Last year, global population breached the seven-billion mark - a rise of one bilion since 1999. Current estimates by the UN Population Fund suggest that it will continue to rise, before peaking at approximately nine billion in 2045.
Most of the growth will take place in developing nations, many of them among the world’s least-developed countries, and will be concentrated among the poorest populations in urban areas.
Given the deep challenges facing the world – climate change and the food, fuel and financial crises – it is not surprising that this landmark has generated some alarm. The population debate is seldom free from hyperbole, from Thomas Malthus’s gloomy predictions in 1798 to Paul Ehrlich’s 1968 book ‘The Population Bomb’. The modern spectres of resource depletion and slums, coupled with perennial immigration fears, have only added to this sense of a world ‘bursting at the seams’.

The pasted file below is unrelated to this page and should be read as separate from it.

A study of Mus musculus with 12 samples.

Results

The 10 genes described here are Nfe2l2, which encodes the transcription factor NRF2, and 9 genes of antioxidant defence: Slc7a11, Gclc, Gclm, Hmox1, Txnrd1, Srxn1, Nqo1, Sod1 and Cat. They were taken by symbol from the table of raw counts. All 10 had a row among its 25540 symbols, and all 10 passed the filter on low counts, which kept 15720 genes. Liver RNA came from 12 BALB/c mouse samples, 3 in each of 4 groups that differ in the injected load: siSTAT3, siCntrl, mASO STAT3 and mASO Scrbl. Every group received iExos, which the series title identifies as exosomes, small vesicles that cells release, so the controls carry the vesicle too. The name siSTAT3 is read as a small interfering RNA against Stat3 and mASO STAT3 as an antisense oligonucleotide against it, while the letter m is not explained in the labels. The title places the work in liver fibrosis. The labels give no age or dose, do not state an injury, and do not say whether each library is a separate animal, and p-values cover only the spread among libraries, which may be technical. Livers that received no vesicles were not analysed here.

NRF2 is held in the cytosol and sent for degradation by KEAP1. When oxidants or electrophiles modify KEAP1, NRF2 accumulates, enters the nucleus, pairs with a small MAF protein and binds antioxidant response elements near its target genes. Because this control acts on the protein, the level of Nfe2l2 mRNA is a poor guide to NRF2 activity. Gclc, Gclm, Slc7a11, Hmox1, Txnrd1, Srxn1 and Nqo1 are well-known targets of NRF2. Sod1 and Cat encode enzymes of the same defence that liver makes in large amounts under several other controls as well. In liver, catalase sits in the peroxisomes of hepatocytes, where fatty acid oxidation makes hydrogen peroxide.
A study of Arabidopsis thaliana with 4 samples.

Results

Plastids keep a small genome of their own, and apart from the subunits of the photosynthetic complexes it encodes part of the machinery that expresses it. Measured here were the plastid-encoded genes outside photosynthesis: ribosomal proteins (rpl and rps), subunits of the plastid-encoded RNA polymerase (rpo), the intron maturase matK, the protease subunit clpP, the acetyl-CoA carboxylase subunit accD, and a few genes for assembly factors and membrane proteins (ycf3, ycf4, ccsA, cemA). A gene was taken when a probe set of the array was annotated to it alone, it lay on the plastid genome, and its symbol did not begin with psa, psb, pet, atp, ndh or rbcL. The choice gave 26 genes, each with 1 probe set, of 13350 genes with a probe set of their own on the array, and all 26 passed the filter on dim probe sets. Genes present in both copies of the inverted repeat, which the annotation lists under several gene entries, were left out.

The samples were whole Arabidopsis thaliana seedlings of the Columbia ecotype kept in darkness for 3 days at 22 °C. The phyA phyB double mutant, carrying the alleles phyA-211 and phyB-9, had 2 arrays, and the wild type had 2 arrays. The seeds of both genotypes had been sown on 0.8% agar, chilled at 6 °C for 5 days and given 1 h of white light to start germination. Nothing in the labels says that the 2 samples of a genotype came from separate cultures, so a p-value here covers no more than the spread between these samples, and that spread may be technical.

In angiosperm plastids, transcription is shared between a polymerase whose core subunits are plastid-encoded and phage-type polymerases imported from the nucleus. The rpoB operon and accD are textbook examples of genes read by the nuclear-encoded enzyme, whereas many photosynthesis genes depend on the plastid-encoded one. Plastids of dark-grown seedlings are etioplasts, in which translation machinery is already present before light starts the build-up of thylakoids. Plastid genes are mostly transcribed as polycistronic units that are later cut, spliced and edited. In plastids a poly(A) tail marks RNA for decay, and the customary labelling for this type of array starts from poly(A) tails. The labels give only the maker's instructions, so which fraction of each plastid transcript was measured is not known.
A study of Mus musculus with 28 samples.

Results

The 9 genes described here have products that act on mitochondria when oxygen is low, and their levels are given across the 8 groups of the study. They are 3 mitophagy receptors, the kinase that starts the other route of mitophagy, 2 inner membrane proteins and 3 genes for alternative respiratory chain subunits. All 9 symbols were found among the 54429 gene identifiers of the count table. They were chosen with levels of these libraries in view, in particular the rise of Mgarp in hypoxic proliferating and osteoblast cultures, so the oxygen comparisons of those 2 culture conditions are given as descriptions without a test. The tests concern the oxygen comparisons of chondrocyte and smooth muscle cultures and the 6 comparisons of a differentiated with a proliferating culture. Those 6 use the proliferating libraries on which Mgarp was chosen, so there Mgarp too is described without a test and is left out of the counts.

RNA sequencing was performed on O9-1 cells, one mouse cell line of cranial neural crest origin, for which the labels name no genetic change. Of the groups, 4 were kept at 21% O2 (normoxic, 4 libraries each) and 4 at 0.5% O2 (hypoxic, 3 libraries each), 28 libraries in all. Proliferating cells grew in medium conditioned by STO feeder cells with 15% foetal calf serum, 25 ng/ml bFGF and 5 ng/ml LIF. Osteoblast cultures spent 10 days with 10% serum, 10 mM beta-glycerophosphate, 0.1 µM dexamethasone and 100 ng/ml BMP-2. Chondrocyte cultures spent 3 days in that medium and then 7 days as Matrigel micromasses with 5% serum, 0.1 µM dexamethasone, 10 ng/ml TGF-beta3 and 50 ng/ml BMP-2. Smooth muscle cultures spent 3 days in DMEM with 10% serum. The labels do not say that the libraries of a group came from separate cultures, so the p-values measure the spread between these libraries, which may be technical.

Managing our numbers should rightly be a priority - it is as much about human rights as it is about sustainability. There are 215 million women, for instance, who would like to use family planning, but are unable to access it.
Yet discussing population remains controversial - it will likely not be a priority issue at the Rio + 20 summit this June.
One reason could be that a narrow focus on numbers can mask the need to address other issues, such as consumption and equal opportunity. It also detracts from proper analysis of who the ‘seven billion’ are. Take the two billion people who are currently malnourished. Half are hungry, half are obese, with no clear dividing line between rich and poor countries.
Come to UN Forum 2012 to discuss what must be done to adjust to this new reality.